Ph: Stephanie Berger



The Sydney Theatre Company's contemporized production of Chekhov's drama puts Cate Blanchett at the center.


If the summer theater season of 2012 is remembered for nothing else, it should go down for the unexpected reign of Uncle Vanya. After all, when was the last time a single Chekhov drama received three revivals over a relatively short period of time?

This trend began with an experimental, critically dismissed Off-Broadway production by Target Margin Theater in which the play, which explores an unhappy Russian household full of unrequited love and anxieties, was rewritten based on improvisational exercises with the cast.

Another Off-Broadway staging produced by Soho Rep, which is still running in Tribeca, is set around a small living-room setting in which the audience surrounds the cast and sits on carpeted benches. This contemporized production, which features a new book by the newly popular playwright Annie Baker, makes for an unusually intimate experience.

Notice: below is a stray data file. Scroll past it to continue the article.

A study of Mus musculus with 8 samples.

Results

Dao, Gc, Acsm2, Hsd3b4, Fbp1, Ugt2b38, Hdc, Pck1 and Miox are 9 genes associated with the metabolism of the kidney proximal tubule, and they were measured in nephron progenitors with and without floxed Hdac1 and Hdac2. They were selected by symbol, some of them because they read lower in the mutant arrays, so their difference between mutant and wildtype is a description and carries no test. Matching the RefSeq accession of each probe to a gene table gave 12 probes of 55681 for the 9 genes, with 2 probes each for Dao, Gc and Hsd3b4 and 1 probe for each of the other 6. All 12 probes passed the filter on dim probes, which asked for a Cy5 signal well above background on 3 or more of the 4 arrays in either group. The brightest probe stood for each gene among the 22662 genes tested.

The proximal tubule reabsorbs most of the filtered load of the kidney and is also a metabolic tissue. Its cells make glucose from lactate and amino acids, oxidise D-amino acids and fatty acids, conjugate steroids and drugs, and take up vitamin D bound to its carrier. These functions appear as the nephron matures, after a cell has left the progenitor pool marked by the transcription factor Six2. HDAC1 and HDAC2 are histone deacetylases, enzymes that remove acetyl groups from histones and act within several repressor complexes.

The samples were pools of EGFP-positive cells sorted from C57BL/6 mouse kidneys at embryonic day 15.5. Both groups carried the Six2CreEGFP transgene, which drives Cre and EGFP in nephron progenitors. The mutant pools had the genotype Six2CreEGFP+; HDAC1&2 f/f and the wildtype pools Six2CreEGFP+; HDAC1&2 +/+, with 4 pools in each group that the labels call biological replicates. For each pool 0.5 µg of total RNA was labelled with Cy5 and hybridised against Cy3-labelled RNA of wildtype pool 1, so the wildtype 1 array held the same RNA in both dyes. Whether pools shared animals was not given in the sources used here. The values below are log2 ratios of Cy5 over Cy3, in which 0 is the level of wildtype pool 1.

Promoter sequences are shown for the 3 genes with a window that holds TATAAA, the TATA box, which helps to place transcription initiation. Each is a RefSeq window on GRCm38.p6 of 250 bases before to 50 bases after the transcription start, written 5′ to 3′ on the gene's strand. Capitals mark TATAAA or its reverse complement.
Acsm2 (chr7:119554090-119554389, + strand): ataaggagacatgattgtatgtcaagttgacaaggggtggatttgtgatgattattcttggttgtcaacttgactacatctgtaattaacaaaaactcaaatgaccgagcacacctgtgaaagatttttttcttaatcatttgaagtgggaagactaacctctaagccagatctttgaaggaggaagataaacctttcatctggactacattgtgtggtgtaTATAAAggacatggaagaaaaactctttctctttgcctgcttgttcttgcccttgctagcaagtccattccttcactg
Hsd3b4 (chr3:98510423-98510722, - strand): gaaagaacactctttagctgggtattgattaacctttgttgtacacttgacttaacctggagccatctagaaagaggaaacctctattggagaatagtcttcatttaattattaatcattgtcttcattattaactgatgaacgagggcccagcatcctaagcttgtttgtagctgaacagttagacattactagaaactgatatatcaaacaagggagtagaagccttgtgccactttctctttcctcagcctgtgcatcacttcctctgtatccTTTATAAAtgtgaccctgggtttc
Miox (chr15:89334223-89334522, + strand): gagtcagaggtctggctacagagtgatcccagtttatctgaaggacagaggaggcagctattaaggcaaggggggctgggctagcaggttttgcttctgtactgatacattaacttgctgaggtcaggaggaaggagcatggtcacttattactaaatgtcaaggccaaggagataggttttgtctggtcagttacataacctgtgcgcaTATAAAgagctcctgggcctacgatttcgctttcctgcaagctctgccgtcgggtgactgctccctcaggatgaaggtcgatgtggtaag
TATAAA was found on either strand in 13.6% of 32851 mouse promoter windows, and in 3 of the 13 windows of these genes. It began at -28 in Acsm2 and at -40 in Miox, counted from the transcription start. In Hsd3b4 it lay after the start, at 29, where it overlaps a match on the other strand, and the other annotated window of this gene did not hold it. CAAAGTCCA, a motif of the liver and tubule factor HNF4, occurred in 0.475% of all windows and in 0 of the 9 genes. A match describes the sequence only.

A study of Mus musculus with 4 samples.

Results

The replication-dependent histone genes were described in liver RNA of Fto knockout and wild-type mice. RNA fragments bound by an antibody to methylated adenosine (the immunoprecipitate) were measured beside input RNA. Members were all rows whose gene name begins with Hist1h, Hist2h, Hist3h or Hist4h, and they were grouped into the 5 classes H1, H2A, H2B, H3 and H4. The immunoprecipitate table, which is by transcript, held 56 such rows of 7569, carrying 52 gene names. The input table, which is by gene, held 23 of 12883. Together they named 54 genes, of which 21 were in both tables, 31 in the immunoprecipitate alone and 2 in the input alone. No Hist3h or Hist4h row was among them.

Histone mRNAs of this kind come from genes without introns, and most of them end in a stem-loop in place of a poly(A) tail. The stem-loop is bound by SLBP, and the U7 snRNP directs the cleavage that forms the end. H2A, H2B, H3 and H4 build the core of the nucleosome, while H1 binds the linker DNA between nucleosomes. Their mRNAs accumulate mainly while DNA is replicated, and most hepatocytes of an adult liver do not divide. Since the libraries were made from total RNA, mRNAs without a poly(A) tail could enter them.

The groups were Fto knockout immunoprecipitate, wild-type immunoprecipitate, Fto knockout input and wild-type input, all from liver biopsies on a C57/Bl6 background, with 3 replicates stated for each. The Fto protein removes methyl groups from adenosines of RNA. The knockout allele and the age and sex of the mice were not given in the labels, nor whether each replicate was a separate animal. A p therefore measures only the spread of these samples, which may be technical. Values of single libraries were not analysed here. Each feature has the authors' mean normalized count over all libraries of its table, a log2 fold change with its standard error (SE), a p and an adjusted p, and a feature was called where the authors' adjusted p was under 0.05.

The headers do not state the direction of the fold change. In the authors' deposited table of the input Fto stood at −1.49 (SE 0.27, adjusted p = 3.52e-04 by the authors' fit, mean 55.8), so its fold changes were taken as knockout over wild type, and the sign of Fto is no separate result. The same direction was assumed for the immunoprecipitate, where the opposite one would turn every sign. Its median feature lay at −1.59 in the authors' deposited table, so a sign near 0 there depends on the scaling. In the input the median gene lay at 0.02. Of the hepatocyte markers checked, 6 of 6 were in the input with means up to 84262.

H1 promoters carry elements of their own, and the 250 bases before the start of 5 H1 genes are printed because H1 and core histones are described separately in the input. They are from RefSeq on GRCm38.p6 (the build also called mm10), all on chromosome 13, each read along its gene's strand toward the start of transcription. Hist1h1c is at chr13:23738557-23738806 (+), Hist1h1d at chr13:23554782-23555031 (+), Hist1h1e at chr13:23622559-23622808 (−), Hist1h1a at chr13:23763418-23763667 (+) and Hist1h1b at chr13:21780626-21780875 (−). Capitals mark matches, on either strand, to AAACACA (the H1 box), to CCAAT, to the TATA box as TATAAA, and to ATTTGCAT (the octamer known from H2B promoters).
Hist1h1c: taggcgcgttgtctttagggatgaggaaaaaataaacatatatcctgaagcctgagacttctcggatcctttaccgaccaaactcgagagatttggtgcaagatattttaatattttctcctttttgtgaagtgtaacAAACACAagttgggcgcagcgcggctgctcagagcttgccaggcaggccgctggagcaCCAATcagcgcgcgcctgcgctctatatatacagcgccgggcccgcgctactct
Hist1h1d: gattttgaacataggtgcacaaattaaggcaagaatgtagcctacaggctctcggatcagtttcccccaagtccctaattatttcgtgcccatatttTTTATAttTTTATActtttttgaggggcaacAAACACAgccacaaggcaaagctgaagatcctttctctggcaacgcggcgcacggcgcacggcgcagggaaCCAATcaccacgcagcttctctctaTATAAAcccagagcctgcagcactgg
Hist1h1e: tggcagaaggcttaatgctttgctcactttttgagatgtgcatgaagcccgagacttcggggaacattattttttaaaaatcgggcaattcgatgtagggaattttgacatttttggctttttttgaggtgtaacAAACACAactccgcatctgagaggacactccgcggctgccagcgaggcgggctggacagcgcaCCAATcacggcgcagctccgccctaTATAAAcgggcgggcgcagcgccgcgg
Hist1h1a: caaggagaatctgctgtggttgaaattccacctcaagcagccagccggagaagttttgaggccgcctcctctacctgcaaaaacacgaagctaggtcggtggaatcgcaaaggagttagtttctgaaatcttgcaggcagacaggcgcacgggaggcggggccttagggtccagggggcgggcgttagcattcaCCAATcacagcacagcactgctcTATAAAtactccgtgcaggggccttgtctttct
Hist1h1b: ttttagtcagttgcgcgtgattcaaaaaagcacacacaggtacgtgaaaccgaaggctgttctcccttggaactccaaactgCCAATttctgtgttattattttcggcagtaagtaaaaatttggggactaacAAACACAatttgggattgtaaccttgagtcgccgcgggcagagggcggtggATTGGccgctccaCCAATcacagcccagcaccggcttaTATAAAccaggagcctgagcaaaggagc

Last but not least is the Sydney Theatre Company’s rendition of the play, which stars Australian film actress Cate Blanchett as Yelena, the young and attractive second wife of an insignificant but smug professor. It received wild acclaim when it played a short engagement at the Kennedy Center in Washington, DC, one year ago.

As the centerpiece of this summer’s Lincoln Center Festival, it is playing City Center, which is a terrific venue for musical theater concerts from the celebrated Encores! series but far too large for a play, let alone a demanding classic drama. It is also difficult to hear the cast, which is not using microphones, from even a seat in the middle of the orchestra section, let alone the mezzanine or balcony.

Nevertheless, Tamás Ascher’s richly detailed production, which is updated to the Soviet Union of the 1950s, proves to be engaging and accessible. It is even funny, featuring some very clever bits of staging. In one terrific moment, Blanchett throws a blanket over herself to drown out the wailings of Richard Roxburgh, who stands out as a wildly theatrical Vanya

The statuesque Blanchett is made to contrast directly with the grim, deteriorated surroundings of the country estate, where holes have even been punched through the walls, and the rest of the cast, which is dressed in slovenly costumes.

Seeing as the Sydney Theater Company has managed to bring back Blanchett in Uncle Vanya, might it now do the same with A Streetcar Named Desire, which played Brooklyn Academy of Music three seasons ago for an all-too-short run?